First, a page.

Package org.jboss.dna.graph.observe

The Observation API provides several mechanisms for asynchronously observing changes to content.


Interface Summary
Observable Interface used to register listeners.

Class Summary
ChangeObserver Abstract class that is used to signal that a change set has occurred.
ChangeObservers Reusable manager of change listeners, typically employed by another Observable implementation.
Changes A set of changes that were made atomically.
NetChangeObserver A specialized Observer that figures out the net changes made during a single set of changes.
NetChangeObserver.NetChange A notification of changes to a node.

Enum Summary

Package org.jboss.dna.graph.observe Description

The Observation API provides several mechanisms for asynchronously observing changes to content.

Many event frameworks define the listeners and sources as interfaces. While this is often useful, it requires the implementations properly address the thread-safe semantics of managing and calling the listeners. This observation framework uses abstract or concrete classes to minimize the effort required for implementing ChangeObserver or Observable. The classes also allow the framework to implement a number of utility methods, such as the unregister() method on ChangeObserver, that also save effort and code.

However, one of the more important reasons for providing classes is that ChangeObserver uses weak references to track the Observable instances, and the ChangeObservers class uses weak references for the listeners. This means that if an observers do not prevent Observable instances from being garbage collected, nor do observers prevent Observable instances from being garbage collected.


Any component that can have changes and be observed can implement the Observable interface. This interface allows Observers to register (or be registered) to receive notifications of the changes. However, a concrete and thread-safe implementation of this interface, called ChangeObservers, is available and should be used where possible, since it automatically manages the registered ChangeObserver instances and properly implements the register and unregister mechanisms.


Components that are to recieve notifications of changes are called observers. To create an observer, simply extend the ChangeObserver abstract class and provide an implementation of the ChangeObserver#notify(Changes) method. Then, register the observer with an Observable using its Observable#register(ChangeObserver) method. The observer's ChangeObserver#notify(Changes) method will then be called with the changes that have been made to the Observable.

When an observer is no longer needed, it should be unregistered from all Observable instances with which it was registered. The ChangeObserver class automatically tracks which Observable instances it is registered with, and calling the observer's ChangeObserver#unregister() will unregister the observer from all of these Observables. Alternatively, an observer can be unregistered from a single Observable using the Observable's Observable#unregister(ChangeObserver) method.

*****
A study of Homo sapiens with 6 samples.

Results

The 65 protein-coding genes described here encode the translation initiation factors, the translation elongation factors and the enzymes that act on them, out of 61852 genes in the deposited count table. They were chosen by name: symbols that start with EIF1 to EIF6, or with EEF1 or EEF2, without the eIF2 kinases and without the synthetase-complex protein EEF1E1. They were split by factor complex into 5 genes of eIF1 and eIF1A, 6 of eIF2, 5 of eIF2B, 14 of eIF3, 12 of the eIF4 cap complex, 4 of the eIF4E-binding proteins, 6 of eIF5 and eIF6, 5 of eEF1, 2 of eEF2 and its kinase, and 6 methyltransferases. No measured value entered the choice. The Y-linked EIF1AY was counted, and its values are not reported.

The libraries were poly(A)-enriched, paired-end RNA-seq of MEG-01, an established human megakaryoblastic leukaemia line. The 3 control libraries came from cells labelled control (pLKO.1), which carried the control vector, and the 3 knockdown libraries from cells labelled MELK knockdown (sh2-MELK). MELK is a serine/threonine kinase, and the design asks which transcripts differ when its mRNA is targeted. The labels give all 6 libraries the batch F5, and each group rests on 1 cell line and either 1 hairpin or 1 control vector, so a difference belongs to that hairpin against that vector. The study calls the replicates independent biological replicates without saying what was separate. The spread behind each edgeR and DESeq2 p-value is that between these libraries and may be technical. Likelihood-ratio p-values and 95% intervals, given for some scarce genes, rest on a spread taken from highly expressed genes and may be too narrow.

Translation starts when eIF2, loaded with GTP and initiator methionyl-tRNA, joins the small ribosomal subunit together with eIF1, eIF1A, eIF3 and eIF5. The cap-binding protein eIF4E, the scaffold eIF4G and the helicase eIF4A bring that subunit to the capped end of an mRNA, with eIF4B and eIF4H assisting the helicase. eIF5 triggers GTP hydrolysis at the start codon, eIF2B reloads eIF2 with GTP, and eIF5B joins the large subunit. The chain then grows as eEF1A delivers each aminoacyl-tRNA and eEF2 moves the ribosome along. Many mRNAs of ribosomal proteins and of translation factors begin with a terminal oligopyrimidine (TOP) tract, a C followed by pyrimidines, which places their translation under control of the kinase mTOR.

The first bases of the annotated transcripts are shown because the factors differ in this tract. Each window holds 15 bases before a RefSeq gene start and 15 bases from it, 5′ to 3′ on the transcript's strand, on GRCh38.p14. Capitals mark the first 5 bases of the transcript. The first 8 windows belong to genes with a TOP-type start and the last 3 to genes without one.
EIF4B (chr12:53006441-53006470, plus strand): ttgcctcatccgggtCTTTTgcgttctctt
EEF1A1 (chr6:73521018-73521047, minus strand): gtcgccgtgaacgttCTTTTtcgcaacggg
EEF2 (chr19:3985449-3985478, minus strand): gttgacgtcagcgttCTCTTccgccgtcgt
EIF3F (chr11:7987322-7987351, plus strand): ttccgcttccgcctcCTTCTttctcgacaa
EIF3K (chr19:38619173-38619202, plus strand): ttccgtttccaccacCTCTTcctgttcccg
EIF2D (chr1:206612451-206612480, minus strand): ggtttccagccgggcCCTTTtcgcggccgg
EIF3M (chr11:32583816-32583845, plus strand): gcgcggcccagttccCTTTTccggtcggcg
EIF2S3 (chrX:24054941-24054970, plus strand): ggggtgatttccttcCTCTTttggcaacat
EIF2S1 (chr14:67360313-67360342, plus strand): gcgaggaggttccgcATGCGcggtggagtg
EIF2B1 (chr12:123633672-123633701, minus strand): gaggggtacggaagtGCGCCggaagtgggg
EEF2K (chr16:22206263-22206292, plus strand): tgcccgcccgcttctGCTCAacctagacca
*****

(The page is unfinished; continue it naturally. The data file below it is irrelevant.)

The Changes class represents the set of individual changes that have been made during a single, atomic operation. Each Changes instance has information about the source of the changes, the timestamp at which the changes occurred, and the individual changes that were made. These individual changes take the form of ChangeRequest objects, such as CreateNodeRequest, DeleteBranchRequest, etc. Each request is frozen, meaning it is immutable and will not change. Also none of the requests will be cancelled.

Using the actual ChangeRequest objects as the "events" has a number of advantages. First, there are already a number of existing ChangeRequest subclasses that describe various types of changes in quite a bit of detail; thus no need to duplicate the structure or come up with a generic event class.

Second, the requests have all the state required for an event, plus they often will have more. For example, the DeleteBranchRequest has the actual location of the branch that was delete (and in this way is not much different than a more generic event), but the CreateNodeRequest has the actual location of the created node along with the properties of that node. Additionally, the RemovePropertyRequest has the actual location of the node along with the name of the property that was removed. In many cases, these requests have all the information a more general event class might have but then hopefully enough information for many observers to use directly without having to read the graph to decide what actually changed.

Third, the requests that make up a Changes instance can actually be replayed. Consider the case of a cache that is backed by a RepositorySource, which might use an observer to keep the cache in sync. As the cache is notified of Changes, the cache can simply replay the changes against its source.